The Federal Trade Commission staff submitted a reply comment in response to certain comments filed with the New York State Public Service Commission (NY PSC) regarding the NY PSC staff’s proposal to transform the function of the electric distribution system that serves residential, commercial, and industrial electricity customers in New York.
The comment, submitted by staff of the FTC’s Office of the General Counsel, Office of Policy Planning, and Bureau of Economics, recommends revisions to the NY PSC’s staff’s “straw proposal” on issues in the Reforming the Energy Vision project.
Under the NY PSC staff’s proposal, the NY PSC would authorize the establishment of entities known as Distributed System Platform (DSP) operators, which would be responsible for balancing electricity supply and demand on local, lower-voltage distribution lines. The NY PSC staff anticipates that this would foster the deployment of more innovative types of electricity resources, such as customer-owned solar arrays, energy storage units, and demand reductions offered by customers. These innovations, known as “distributed energy resources” (DERs), would benefit customers through lower electric system costs, increased reliability, improved resiliency, and lower environmental impacts.
The revisions recommended by FTC staff would address a key concern regarding competition in the electric distribution system: distribution utilities that serve as their own DSP operators have the incentive and ability to raise the costs and risks for rival, independent DERs.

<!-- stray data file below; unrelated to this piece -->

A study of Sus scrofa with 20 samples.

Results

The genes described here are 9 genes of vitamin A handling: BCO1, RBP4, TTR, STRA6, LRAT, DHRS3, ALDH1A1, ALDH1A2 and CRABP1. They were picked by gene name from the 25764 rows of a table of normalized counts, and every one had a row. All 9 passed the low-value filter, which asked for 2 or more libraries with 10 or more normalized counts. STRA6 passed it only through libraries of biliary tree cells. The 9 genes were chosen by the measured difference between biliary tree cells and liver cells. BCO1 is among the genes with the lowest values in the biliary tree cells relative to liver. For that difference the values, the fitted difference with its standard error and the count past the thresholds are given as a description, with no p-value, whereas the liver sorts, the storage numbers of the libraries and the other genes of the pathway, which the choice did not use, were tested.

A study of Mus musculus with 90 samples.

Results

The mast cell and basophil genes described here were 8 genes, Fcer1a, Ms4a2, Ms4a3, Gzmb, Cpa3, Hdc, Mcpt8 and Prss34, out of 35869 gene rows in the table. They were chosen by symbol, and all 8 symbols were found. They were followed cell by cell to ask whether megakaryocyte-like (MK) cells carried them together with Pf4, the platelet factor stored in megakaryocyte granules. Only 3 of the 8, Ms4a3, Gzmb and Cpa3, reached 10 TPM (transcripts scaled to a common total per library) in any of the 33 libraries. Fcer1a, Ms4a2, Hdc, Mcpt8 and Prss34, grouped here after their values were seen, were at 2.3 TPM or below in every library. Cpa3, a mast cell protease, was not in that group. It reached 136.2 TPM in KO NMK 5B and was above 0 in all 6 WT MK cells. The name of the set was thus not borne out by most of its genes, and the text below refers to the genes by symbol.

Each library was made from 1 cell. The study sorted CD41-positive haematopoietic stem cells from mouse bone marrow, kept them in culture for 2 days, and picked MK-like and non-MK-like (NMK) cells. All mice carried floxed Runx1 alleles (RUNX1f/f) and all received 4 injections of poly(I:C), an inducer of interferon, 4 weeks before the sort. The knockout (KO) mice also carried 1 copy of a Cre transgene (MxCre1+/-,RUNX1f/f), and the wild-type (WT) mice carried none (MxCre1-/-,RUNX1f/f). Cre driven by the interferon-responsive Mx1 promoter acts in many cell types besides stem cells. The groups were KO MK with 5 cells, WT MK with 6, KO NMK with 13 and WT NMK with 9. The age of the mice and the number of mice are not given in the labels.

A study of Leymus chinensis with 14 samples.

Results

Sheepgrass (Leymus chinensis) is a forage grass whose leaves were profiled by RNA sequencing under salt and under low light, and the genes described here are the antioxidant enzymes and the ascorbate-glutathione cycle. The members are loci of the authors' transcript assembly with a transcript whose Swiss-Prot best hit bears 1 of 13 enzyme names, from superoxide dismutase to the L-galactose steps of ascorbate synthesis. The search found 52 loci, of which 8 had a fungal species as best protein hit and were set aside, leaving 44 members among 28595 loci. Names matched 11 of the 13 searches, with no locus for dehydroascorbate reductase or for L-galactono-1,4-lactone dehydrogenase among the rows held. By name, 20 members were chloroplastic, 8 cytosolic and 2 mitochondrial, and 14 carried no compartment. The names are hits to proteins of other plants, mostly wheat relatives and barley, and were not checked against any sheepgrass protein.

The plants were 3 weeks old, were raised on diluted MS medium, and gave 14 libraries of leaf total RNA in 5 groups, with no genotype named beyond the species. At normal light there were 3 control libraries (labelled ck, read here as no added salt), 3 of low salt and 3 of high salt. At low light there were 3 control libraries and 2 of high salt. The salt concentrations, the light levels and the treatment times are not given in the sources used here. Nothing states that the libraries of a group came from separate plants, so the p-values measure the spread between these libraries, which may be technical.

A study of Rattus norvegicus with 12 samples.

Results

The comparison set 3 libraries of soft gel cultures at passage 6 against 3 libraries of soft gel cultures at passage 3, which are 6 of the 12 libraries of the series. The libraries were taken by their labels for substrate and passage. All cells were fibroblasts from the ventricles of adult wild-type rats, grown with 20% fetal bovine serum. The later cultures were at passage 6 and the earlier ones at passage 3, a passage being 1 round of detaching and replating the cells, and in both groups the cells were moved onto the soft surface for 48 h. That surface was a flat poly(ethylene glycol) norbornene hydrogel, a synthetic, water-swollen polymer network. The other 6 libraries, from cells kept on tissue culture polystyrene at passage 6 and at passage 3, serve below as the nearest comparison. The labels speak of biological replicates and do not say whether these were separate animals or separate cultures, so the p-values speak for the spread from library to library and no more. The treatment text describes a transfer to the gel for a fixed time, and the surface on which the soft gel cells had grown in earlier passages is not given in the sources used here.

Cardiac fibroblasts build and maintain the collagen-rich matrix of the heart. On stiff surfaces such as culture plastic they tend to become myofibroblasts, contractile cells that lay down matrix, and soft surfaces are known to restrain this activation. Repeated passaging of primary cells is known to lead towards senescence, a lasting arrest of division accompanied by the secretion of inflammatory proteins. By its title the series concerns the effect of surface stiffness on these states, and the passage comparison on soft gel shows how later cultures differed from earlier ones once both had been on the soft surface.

The FTC staff comment recommends the use of a competitive procurement process to select the entities that will serve as DSP operators. This would allow a variety of bidders to show how they could keep administrative costs low, remove incentives to discriminate against independent DERs, and provide other benefits to electricity customers.
The FTC staff comment also encourages the NY PSC to use a competitive procurement approach to appoint independent market monitors to evaluate the performance of DSP operators, and suggests ways to improve the performance of the electric distribution system. In the event a distribution utility ends up serving as its own DSP operator, the comment recommends that the NY PSC consider disclosures to potential DER investors to avoid deception of customers and third parties contemplating new or expanded DER investments, as well as performance-based incentives to avoid discrimination.
The Commission vote authorizing the staff comment was 4-0-1, with Commissioner Julie Brill abstaining. (FTC File No. V140012; the staff contact is John H. Seesel, Associate General Counsel for Energy, Office of the General Counsel, 202-326-2702).